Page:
TUSCALOOSA — After shaking off an initial block attempt from Osirus Mitchell, Shane Lee kept his eyes fixated on Mississippi State’s Tommy Stevens as the senior quarterback took a two-step drop before firing his first pass of the game … right at Lee.
Alabama’s true freshman middle linebacker barely had time to react before the ball was tucked safely against his chest, at which point the 6-foot, 245-pound Lee quickly began running toward the end zone 30 yards in front of him.
“He’s understanding what offenses are trying to do better, and he found himself right in the passing lane,” Lee’s high school coach, Henry Russell of St. Frances Academy in Baltimore, Maryland, said Thursday. “I think the quarterback thought (Lee) would keep on chasing the ‘back and he sat there in the throwing lane and boom, the ball hits him right in his hands.”
Stevens, realizing his mistake almost as soon as it occurred, tackled Lee at the 20-yard line.
Tua Tagovailoa turned the mistake into a touchdown with a 19-yard pass to Najee Harris to give Alabama a 14-0 lead barely two minutes into the game.
"That was big. First drive out and you go get an interception,” Alabama senior safety Jared Mayden said. “That's probably something that also helped him calm down. Once you realize you can really play with everybody in the league, now you're just getting to the thinking part."
Lee’s interception was just the start of what was his best all-around performance at Alabama, racking up a game- and season-high 10 tackles and helping spearhead a bounce-back effort by a Crimson Tide defense that limited the host Bulldogs to just 82 passing yards.
Alabama coach Nick Saban agreed it was one of Lee’s top games.
“We still have the occasional mental error by some of the younger guys that shows up, but I thought this was his best performance, most consistent game and I see him sort of starting to develop confidence in what we’re asking him to do and how he’s going about doing it on a consistent basis,” Saban said.
Still less than a year removed from playing his final high school game for St. Frances, the 18-year-old Lee has already established himself as a key figure in the center of Alabama’s defense — both for its future and present — after working through early-season growing pains.
“He looks a lot more comfortable to me, making the calls, and I think he’s adjusted well to the speed of the game,” Russell said of Lee.
Lee, who has started all 10 games this season at the pivotal Mike/middle linebacker spot in place of preseason All-American and Butkus Award contender Dylan Moses, was initially thrust into duty after a series of preseason injuries decimated the Crimson Tide roster in mid-August. Lee is one of six true freshmen to have started multiple games for the Tide defense this season, including Will/weakside linebacker Christian Harris, who stepped into the starting role beside Lee following a similar ACL knee injury to fifth-year senior Joshua McMillon.
Despite his youth, Lee has been one of Alabama’s most consistent defensive playmakers, ranking third on the team and 20th in the SEC with 63 total tackles, just one behind redshirt senior outside linebacker Anfernee Jennings, to go along with 5½ tackles for loss and 3½ sacks, three quarterback hurries, one forced fumble and the one interception.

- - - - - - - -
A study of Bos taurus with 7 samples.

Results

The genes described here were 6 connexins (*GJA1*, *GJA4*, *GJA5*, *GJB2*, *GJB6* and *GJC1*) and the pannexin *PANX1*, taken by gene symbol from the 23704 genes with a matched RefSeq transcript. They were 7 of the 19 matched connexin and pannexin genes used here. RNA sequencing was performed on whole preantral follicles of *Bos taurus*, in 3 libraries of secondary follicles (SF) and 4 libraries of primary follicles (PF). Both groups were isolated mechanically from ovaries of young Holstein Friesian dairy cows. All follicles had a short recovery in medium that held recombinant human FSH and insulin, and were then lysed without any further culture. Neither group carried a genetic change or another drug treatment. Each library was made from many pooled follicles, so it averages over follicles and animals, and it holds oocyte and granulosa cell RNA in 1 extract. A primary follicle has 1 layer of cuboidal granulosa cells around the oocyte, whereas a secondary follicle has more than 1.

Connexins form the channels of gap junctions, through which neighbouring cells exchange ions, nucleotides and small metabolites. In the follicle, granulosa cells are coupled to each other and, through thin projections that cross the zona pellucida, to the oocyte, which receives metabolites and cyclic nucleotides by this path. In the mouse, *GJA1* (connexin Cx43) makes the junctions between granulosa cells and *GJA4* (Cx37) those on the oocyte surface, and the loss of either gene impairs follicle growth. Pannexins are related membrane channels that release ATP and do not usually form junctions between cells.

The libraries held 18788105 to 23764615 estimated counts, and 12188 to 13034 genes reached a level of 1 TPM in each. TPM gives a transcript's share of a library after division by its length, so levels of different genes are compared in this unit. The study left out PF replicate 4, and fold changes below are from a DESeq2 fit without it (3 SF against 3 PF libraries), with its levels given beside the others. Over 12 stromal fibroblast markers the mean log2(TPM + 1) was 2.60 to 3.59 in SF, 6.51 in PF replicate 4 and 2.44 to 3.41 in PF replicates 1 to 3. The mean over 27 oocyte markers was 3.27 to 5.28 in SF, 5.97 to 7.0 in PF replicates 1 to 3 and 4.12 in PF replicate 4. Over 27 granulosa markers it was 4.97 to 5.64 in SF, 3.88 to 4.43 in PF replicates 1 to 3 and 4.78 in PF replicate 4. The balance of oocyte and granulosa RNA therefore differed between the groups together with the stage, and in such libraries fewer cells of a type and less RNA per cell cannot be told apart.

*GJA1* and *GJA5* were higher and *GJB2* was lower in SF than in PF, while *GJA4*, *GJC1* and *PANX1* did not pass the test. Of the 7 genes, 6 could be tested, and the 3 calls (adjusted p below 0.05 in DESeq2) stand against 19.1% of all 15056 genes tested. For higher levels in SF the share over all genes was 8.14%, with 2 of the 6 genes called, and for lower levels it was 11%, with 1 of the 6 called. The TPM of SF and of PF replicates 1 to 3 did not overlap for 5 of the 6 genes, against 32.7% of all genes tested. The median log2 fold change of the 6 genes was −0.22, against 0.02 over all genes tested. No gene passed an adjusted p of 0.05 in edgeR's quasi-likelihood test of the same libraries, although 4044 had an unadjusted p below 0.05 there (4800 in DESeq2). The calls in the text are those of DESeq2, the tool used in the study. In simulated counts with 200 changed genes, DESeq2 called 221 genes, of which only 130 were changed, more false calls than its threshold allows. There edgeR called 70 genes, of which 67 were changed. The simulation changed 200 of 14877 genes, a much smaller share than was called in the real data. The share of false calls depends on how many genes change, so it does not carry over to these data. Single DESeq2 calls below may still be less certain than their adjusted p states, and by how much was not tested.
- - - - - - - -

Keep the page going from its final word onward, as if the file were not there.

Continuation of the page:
“He’s a really good player even though he’s young,” defensive back Shyheim Carter said. “He’s still got a lot to learn and improve on, but he’s a really good player. He’s a starting linebacker as a freshman and that speaks highly of him.”
As the Mike linebacker, Lee has a lot on his plate, including the responsibility of distributing the play call from defensive coordinator Pete Golding. From there, Lee must make sure everyone is in the correct position to properly defend the play, including adjusting the defensive line setup based on what the offense is showing. And that all has to be done in the 10-15 seconds before the snap of the ball.
“When he’s been in there, he’s really done a good job of communicating, and getting guys lined up and getting the right defense called,” Russell said. “Overall it seems like he’s doing a real good job of that, and putting guys in the right places and making sure everybody’s on the same page of what that defensive call is.”
And while there have been some obvious mistakes, Lee has shown continual growth in his ability to develop and learn from those missteps rather than let it to affect him.
It's in that development that the young rookie has shown flashes of becoming a veteran the rest of his teammates can depend on moving forward.
"I really see the maturity in him, from being all over the place when he was first announced as a starter,” Mayden said of Lee. “(From) a young age, especially with the Alabama defense, it does take a while to learn. … I knew he was overwhelmed (early on) but the coaches helped him learn, we helped him gain confidence in calling, because you do need to call.
“But overall, he's just getting mature. I think now you can see him not being so kind of confused or sporadic. He's come into his own."